Hermitian Matrix and Commutation relations

In summary, the conversation discusses the property of Hermitian matrices and how it applies to the matrix C (AB - BA). It is shown that C must be multiplied by a complex number in order for it to be Hermitian. The conversation ends with a suggestion to take the Hermitian conjugate of both sides to prove that C is Hermitian.
  • #1
dykuma
56
7
Homework Statement
Consider two hermitian matrices who do not commute. Show that the result of the commutation equals a hermitian matrix times the complex number I.
Relevant Equations
[A,B] = AB- BA = iC
I think I roughly see what's happening here.

> First, I will assume that AB - BA = C, without the complex number.

>Matrix AB equals the transpose of BA. (AB = (BA)t)

>Because AB = (BA)t, or because of the cyclic property of matrix multiplication, the diagonals of AB equals the diagonals of BA. Thus, when you subtract the two matrices, the diagonals are zero.

>After subtracting AB- BA, because AB = (BA)t, the off diagonal elements (AB)i,j will equal the off diagonal elements (AB-BA)j,i in magnitude, but will have a sign difference. (so element (AB-BA)1,2 = -(AB-BA)2,1 )

>Further, (AB-BA) equals the negative of it's transpose. So (AB-BA)= -(AB-BA)t

>Thus, for matrix C (AB - BA) to be hermitian, all that's required is it would need to be multiplied by the complex number -I (so that way the complex conjugate transpose equals the original matrix). As such, for C to be Hermitian, C = -I(AB-BA)

>However, there is a rule stating that "the product of two hermitian matrices A and B is also hermitian if and only if AB = BA". But I originally assumed that AB- BA = C, meaning that C can not be Hermitian. As such, AB- BA must equal C times a complex number if matrix C is to be hermitian. Doing so ensures the final result of AB - BA is not hermitian, and that C alone is hermitian.What I'm having trouble with is showing this. I'm not great at doing proofs in linear algebra, and I don't how to begin to show this. I feel like all I've shown up to this point is that AB-BA = I(-I(AB-BA)).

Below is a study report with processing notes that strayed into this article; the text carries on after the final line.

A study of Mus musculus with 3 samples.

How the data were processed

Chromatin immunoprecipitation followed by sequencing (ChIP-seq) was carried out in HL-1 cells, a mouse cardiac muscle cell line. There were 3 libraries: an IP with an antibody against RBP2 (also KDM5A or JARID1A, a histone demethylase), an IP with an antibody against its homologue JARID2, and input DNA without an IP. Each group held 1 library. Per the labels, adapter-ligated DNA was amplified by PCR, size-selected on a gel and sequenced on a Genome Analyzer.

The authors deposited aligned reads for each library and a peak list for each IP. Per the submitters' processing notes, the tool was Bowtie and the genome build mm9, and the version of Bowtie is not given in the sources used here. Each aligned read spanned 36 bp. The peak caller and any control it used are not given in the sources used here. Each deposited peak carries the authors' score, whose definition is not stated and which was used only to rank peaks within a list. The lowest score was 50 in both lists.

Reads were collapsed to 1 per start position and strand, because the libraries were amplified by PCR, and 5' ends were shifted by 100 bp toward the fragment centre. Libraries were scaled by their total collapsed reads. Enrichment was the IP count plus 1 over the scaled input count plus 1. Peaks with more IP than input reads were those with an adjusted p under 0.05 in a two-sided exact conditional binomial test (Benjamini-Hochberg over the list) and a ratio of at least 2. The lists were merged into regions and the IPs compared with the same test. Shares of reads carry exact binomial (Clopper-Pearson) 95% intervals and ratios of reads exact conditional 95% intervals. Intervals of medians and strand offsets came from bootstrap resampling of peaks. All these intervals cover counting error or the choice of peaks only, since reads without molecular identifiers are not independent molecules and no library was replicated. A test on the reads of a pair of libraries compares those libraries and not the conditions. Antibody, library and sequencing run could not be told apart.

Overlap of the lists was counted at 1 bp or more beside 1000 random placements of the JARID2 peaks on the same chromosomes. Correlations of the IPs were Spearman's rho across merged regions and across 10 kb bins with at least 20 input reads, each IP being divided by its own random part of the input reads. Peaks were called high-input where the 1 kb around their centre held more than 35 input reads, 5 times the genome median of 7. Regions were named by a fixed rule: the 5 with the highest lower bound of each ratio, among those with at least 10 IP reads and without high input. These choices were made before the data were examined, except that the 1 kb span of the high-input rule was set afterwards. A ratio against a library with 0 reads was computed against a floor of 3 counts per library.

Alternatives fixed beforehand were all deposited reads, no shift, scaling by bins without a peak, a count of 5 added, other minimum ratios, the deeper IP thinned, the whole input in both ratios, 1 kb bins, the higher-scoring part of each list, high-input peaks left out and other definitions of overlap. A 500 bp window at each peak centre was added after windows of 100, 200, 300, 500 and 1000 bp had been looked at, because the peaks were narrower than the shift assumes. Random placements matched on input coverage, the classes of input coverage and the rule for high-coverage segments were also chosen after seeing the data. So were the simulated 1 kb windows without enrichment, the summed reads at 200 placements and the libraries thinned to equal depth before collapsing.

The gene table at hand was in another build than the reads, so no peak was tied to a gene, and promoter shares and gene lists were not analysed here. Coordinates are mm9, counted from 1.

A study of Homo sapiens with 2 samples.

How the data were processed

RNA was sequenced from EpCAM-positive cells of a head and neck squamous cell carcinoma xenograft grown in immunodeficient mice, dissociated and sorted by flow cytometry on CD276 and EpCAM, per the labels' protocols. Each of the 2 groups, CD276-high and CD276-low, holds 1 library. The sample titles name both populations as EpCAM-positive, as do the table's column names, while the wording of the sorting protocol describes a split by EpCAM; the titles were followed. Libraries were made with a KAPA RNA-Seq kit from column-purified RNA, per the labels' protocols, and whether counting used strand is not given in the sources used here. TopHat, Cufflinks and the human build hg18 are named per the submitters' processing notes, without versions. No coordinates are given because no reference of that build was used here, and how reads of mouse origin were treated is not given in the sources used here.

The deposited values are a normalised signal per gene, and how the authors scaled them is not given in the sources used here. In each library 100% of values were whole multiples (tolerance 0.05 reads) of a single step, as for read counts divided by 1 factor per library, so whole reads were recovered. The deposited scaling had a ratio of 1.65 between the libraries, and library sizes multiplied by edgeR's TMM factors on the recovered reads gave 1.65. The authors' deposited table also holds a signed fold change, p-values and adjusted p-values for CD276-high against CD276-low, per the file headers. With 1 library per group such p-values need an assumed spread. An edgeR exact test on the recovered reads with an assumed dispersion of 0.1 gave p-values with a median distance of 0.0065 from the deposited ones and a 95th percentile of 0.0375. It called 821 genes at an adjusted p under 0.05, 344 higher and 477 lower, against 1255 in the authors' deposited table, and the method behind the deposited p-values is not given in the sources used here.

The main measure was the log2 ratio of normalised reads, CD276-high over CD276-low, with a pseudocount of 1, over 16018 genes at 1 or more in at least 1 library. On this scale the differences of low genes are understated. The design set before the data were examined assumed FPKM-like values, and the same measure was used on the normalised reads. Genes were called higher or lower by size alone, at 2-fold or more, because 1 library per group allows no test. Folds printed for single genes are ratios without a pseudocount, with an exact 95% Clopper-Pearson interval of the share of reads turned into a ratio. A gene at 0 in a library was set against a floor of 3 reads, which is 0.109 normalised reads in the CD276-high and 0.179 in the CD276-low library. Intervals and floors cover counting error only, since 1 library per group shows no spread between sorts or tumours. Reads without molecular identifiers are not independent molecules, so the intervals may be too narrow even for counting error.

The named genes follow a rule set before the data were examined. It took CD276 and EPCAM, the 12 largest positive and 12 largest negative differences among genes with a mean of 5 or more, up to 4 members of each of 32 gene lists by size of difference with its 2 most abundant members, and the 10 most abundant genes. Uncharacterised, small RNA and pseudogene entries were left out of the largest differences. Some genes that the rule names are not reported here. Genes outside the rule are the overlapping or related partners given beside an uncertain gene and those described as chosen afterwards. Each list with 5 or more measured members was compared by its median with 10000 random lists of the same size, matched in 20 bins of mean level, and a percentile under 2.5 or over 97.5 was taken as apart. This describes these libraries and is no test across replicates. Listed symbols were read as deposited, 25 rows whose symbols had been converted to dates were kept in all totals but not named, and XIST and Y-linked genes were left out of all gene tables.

You want to show that the matrix ##C=\frac{1}{i}(AB-BA)## is Hermitian, meaning that ##C^T=\overline{C}.## Can you take the transpose of ##\frac{1}{i}(AB-BA),## using the fact that ##A,B## are Hermitian?
 
Define ##iC = AB-BA## and take the Hermitian conjugate of both sides. Then reinsert the definition to get rid of the A and B. Watch magic happen.
 

1. What is a Hermitian matrix?

A Hermitian matrix is a square matrix that is equal to its own conjugate transpose. This means that the elements on the main diagonal are real numbers, and the elements above and below the diagonal are complex conjugates of each other.

2. What is the significance of a Hermitian matrix?

Hermitian matrices have several important properties, including being diagonalizable and having real eigenvalues. They are also closely related to the concept of self-adjoint operators in linear algebra and have various applications in quantum mechanics and signal processing.

3. How do you determine if a matrix is Hermitian?

To determine if a matrix is Hermitian, you can check if it is equal to its own conjugate transpose. This can be done by taking the complex conjugate of each element and then transposing the matrix. If the resulting matrix is equal to the original matrix, then it is Hermitian.

4. What are commutation relations?

Commutation relations refer to the order in which two operators are applied to a given system. In the context of Hermitian matrices, it refers to the order in which two matrices are multiplied. The commutator of two matrices is defined as the difference between the product of the two matrices in different orders.

5. How are commutation relations related to Hermitian matrices?

In quantum mechanics, the commutation relation between two observables is related to the uncertainty principle. In the context of Hermitian matrices, commutation relations are used to determine if two matrices commute (i.e. if their commutator is equal to zero). This is an important property when dealing with quantum systems and can provide insights into the behavior of the system.